This article is from the archives of the UB Reporter.

Grant to "scale up" math program

$6 million award to Clements, Sarama to expand use of pre-K curriculum

Published: November 3, 2005

Contributing Editor

The Institute of Education Sciences of the U.S. Department of Education has awarded a five-year, $6 million grant to professors in the Graduate School of Education to "scale up" the model for implementing their research-based pre-kindergarten mathematics curriculum.

The funding will enable Douglas H. Clements, professor, and Julie A. Sarama, associate professor, in collaboration with assistant professor Jaekyung Lee, to implement their already-successful TRIAD intervention, including the "Building Blocks" pre-K mathematics curriculum and extensive professional development, on a much wider basis to discover its adaptability and impact nationally.

"This grant allows us to truly scale up, that is, to implement the curriculum in more than 120 classrooms, within a large randomized trial design," Clements said. "We can then find out if the 'Building Blocks' curriculum and the TRIAD implementation model work in multiple, varied settings, and to see if their positive effects are sustained longitudinally."

The program name TRIAD is an acronym for "technology-enhanced, research-based instruction, assessment and professional development." Although the TRIAD intervention has been shown to increase math achievement in young children, especially those at risk, Clements said that a larger sampling is needed to see how the program works in a variety of school systems, more distant from the developers.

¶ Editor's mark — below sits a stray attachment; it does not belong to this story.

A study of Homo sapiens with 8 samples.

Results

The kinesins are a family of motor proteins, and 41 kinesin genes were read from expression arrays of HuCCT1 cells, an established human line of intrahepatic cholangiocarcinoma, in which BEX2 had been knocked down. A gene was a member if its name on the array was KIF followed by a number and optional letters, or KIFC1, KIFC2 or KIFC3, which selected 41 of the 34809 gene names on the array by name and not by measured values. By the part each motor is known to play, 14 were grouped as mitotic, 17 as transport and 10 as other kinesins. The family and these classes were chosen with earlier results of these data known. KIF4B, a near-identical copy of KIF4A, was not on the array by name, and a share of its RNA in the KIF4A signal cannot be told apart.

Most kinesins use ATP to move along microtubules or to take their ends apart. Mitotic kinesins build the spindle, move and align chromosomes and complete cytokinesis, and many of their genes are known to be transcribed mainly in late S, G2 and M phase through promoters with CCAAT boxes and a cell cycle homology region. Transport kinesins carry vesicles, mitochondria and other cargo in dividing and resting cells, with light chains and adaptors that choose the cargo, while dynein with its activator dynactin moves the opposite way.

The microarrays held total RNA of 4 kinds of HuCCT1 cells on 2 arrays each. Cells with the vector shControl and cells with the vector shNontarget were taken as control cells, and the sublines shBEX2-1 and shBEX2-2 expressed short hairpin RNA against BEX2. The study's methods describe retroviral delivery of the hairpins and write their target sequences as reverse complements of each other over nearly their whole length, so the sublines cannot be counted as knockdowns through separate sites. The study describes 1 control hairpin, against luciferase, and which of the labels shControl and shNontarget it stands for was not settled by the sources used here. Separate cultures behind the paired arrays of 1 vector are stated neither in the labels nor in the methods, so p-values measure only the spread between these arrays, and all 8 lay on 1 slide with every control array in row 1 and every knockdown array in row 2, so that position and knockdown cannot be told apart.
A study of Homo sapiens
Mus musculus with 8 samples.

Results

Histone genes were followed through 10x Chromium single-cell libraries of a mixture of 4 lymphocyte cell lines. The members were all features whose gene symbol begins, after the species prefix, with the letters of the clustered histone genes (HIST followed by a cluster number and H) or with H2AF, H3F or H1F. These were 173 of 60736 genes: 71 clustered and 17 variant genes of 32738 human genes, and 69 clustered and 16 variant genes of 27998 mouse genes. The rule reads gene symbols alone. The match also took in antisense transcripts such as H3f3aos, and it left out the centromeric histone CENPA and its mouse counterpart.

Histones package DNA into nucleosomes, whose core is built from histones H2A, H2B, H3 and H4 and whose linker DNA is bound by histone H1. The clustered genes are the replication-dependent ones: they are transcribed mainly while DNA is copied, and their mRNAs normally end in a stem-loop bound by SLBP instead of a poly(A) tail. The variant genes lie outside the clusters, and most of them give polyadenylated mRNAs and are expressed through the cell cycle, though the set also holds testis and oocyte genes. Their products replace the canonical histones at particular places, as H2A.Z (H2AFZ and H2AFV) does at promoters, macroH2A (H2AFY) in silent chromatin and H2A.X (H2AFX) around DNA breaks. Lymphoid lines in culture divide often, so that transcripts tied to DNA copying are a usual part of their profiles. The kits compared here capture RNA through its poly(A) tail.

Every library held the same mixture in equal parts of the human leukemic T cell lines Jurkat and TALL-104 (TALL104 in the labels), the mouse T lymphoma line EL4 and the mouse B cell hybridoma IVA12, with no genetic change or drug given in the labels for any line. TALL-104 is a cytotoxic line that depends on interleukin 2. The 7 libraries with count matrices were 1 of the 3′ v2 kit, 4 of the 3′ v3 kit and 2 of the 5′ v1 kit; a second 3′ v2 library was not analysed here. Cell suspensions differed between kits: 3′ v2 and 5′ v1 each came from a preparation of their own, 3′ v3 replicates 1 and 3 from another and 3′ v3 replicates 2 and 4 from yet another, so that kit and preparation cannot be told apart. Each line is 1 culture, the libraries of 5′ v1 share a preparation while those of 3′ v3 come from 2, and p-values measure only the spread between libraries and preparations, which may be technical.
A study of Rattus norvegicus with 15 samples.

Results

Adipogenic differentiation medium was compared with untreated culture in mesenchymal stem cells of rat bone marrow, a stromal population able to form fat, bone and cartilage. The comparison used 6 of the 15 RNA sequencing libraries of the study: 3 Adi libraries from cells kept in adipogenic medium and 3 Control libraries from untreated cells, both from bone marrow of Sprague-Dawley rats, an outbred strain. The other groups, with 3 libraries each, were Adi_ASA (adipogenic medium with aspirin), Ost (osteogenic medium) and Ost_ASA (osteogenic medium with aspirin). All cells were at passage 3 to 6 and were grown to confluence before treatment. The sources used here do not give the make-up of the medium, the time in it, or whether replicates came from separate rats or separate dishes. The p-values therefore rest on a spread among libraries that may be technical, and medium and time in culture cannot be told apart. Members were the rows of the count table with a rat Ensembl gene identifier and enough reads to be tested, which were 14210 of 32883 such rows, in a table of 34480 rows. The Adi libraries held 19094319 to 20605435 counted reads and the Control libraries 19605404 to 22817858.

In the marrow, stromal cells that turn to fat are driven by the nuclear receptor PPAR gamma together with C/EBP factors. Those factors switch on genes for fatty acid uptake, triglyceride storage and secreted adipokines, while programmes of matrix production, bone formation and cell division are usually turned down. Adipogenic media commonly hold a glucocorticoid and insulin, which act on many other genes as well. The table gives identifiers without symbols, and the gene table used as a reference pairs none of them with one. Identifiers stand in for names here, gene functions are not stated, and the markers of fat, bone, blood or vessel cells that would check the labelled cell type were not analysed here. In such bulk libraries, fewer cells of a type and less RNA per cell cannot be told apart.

Further, "effective scale-up considers not only an increase in the number of classrooms, but also increased diversity of settings, increased complexity and the challenges of sustainability," he said. "It uses strategies to achieve broad success and avoid the dilution and pollution that often plagues such efforts."

TRIAD will be introduced to pre-kindergarten teachers and children in two states. In New York, local participating schools include those preschool classrooms in the Buffalo Public Schools and some additional classrooms, such as from the Diocese of Buffalo. In Massachusetts, the Boston Public Schools have signed on to the project. Children from each of more than 120 pre-K classrooms will be followed through their completion of first grade.

"The schools will be those that serve largely low-achieving populations, but with educational settings and racial/ethnic and socioeconomic compositions of students that vary across the board," Sarama said.

The project will help establish UB as a leader in determining how to successfully bring large educational projects to full scale as will benefit the continued study of education interventions, Sarama noted.

"We believe we can increase knowledge of scaling-up by studying the effectiveness of a research-based, mathematics-education intervention implemented in varied pre-kindergarten settings with diverse student populations," Clements said.

Sarama concluded, "Too often, teachers are asked to join the 'next big thing'—with little training, no support and no evidence it supported learning. We and our collaborators will do it right."